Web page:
Thirteen-year-old Bangladeshi girls spend long, tiring hours gluing tiny beads onto clothing fabric for less than a dollar per day. Dhaka/Bangladesh. Photo/Sophia Hsin.
I dropped my luggage on the porch and hugged my two daughters. I held them very tight. Seeing them playing ball hockey when I arrived did my heart good -- it's exactly what children should be doing. When we ate dinner together that night as a family, I loved hearing their excited chatter about school.
Seeing my kids, and the lives they have here in Canada, it was impossible not to think of the children I'd just left behind in Bangladesh. Our team had gone to check on the state of child labour in Bangladesh. What I found was by turns encouraging and devastating.
A terrible moment in time
The Rana Plaza garment factory site in Dhaka, Bangladesh, in 2014. Photo/World Vision
One of our stops was the site of the Rana Plaza tragedy. Four years ago this week, in this spot, a huge garment factory collapsed, killing more than 1,000 workers. It was a terrible moment that served as a window into the dark side of the fast fashion industry.
The crumbled walls raised Canadians' awareness of who was making the disposable clothes we buy (often children) and how the workers are treated (needs serious improvement.) One big issue that came to light was the child labour used to make the kinds of products Canadians consume.
The Rana Plaza site today, now an empty lot overgrown with plants. More than 1,000 garment sector workers died in the factory collapse four years ago. Dhaka/Bangladesh. Photo/World Vision.
Children still exploited
The Rana Plaza collapse ushered in some overdue changes that addressed poor working conditions, worker safety and basic human rights in the 'fast fashion' industry. But I can tell you that after visiting Bangladesh last week, it's very clear that we still have a long way to go.
Despite some earnest progress, workers, including children, are still being exploited. Big factories that supply major brands are better regulated, but many of the smaller operations -- just one link down in the supply chain -- are still engaging children in some of the worst forms of child labour.
The evidence isn't hard to find. We met a group of five young girls, whose names we will protect, who spend more than 12 hours each day sewing jeans.
Some of these girls told us that they started full-time factory work at eleven. They shared stories of psychological and physical abuse, describing what happens as they toil under the scorching hot lights of the factory room floor. And all for barely a dollar a day.
The five jean factory workers who shared terrible stories of the mental and physical abuse they endured for cents a day. These girls started working full time when they were eleven. Dhaka, Bangladesh. Photo/Sophia Hsin.
I met far too many Bangladeshi children who spend their days working, instead of going to school or playing. Whether in garment factories, shrimp processing operations, or fishing, their jobs are often dirty, dangerous and degrading. Most have no alternative.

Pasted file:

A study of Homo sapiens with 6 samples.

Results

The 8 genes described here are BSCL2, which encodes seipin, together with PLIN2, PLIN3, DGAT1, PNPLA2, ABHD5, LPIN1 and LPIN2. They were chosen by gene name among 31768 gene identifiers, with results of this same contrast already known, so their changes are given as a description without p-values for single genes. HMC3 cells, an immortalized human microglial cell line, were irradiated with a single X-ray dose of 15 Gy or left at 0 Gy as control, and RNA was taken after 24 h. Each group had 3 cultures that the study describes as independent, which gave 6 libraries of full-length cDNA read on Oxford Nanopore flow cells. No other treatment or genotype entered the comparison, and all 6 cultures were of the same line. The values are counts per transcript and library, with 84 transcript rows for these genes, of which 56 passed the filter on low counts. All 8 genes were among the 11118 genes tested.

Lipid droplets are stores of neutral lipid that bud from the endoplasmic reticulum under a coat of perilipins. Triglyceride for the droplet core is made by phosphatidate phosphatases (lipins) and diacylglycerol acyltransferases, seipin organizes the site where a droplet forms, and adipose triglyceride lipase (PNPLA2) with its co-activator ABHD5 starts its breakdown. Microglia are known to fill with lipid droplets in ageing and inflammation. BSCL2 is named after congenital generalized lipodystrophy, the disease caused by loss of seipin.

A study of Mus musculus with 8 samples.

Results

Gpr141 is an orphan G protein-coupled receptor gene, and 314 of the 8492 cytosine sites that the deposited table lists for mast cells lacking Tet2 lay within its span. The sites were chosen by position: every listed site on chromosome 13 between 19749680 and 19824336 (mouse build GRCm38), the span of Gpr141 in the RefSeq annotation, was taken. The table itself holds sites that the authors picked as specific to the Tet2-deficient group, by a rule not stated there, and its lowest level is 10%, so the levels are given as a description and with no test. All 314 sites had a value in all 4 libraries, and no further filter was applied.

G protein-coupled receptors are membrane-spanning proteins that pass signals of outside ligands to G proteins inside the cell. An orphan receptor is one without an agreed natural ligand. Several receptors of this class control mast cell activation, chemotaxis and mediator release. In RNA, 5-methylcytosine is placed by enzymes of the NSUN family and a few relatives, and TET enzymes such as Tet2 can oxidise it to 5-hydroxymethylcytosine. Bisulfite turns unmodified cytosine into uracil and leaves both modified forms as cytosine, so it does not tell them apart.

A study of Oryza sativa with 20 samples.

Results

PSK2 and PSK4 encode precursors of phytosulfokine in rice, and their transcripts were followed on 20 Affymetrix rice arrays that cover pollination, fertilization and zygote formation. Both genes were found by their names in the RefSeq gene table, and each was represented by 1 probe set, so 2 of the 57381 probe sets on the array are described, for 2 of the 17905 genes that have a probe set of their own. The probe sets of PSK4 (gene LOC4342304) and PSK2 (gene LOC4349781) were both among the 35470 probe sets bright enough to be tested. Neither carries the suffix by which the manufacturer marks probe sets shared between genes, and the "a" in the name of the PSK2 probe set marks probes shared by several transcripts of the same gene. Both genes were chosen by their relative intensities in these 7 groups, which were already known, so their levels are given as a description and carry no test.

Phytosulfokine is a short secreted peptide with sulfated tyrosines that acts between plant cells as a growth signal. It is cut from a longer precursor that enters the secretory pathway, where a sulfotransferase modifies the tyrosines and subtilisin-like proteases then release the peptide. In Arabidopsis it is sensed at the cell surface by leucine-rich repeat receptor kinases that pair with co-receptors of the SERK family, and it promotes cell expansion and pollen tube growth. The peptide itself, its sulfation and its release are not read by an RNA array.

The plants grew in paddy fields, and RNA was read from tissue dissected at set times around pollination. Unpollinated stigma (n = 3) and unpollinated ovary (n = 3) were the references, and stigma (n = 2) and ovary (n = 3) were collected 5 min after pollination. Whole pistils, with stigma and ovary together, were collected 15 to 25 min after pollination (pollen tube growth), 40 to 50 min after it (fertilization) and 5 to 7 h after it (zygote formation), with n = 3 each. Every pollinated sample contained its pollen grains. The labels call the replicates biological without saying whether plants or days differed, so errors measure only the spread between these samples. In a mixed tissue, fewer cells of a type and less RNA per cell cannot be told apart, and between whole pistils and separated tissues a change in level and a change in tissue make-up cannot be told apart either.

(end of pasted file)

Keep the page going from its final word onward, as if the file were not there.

Children working at a shrimp processing station. Shrimp is big business and a major export. Khulna, Bangladesh. Photo/Sophia Hsin.
A consumer's frustration
As a parent of two Canadian children whose lives are filled with opportunity, I don't want to see the futures of these children in Bangladesh being severed before they have a chance to begin.
I'm also frustrated by how hard it is to get information from Canadian companies about what, if anything, they are doing about the risk that children are making the products I buy. How can I prevent buying items for my children made by other children?
Child labour is a complex issue without a silver bullet solution. It requires a comprehensive response. It's also a problem much larger than Bangladesh. It's a global issue with no less than 168 million child labourers around the world.
However, there are glimpses of hope. I saw first-hand some of the life-changing programs underway that address the poverty that forces kids to work. I've seen the success of efforts to support their right to an education in order to give them a chance at having a healthy future. We can do something about it.
Coming to a World Vision centre for educational support is a bright spot in the lives of children who pick garbage for a living in the slums. Dhaka/Bangladesh. Photo/Sophia Hsin.
Canadians can play a big part in making a difference in the lives of these vulnerable children. Canadian companies, consumers and government all need to do their part and the good news is that we can take meaningful action to address this issue.
Asif, 12, spends his days working in a lathe shop after being forced by poverty to drop out of school. Asif is receiving support in a World Vision child friendly learning centre and dreams of becoming an engineer. Jessore, Bangladesh. Photo/World Vision.
Eklass, 11, spends his days dragging a net through the water to collect shrimp larvae for fish farms. Eklass wants to have his own seafood shop someday. World Vision is developing a learning centre, to provide educational opportunities in his community. Chila Bazaar/Bangladesh. Photo/World Vision.
Nayeem, 15, shared harrowing stories of terrible storms and pirates working on a tiny, crowded, fishing boat in the open ocean of the Bay of Bengal. Nayeem wants to be a mechanic. He, too, may benefit from the learning centre World Vision is developing nearby, for some of the learning Nayeem will need to build his dreams. Chila Bazaar/Bangladesh. Photo/World Vision.
Visit the No Child for Sale website to learn more about how you can address the root causes of child labour.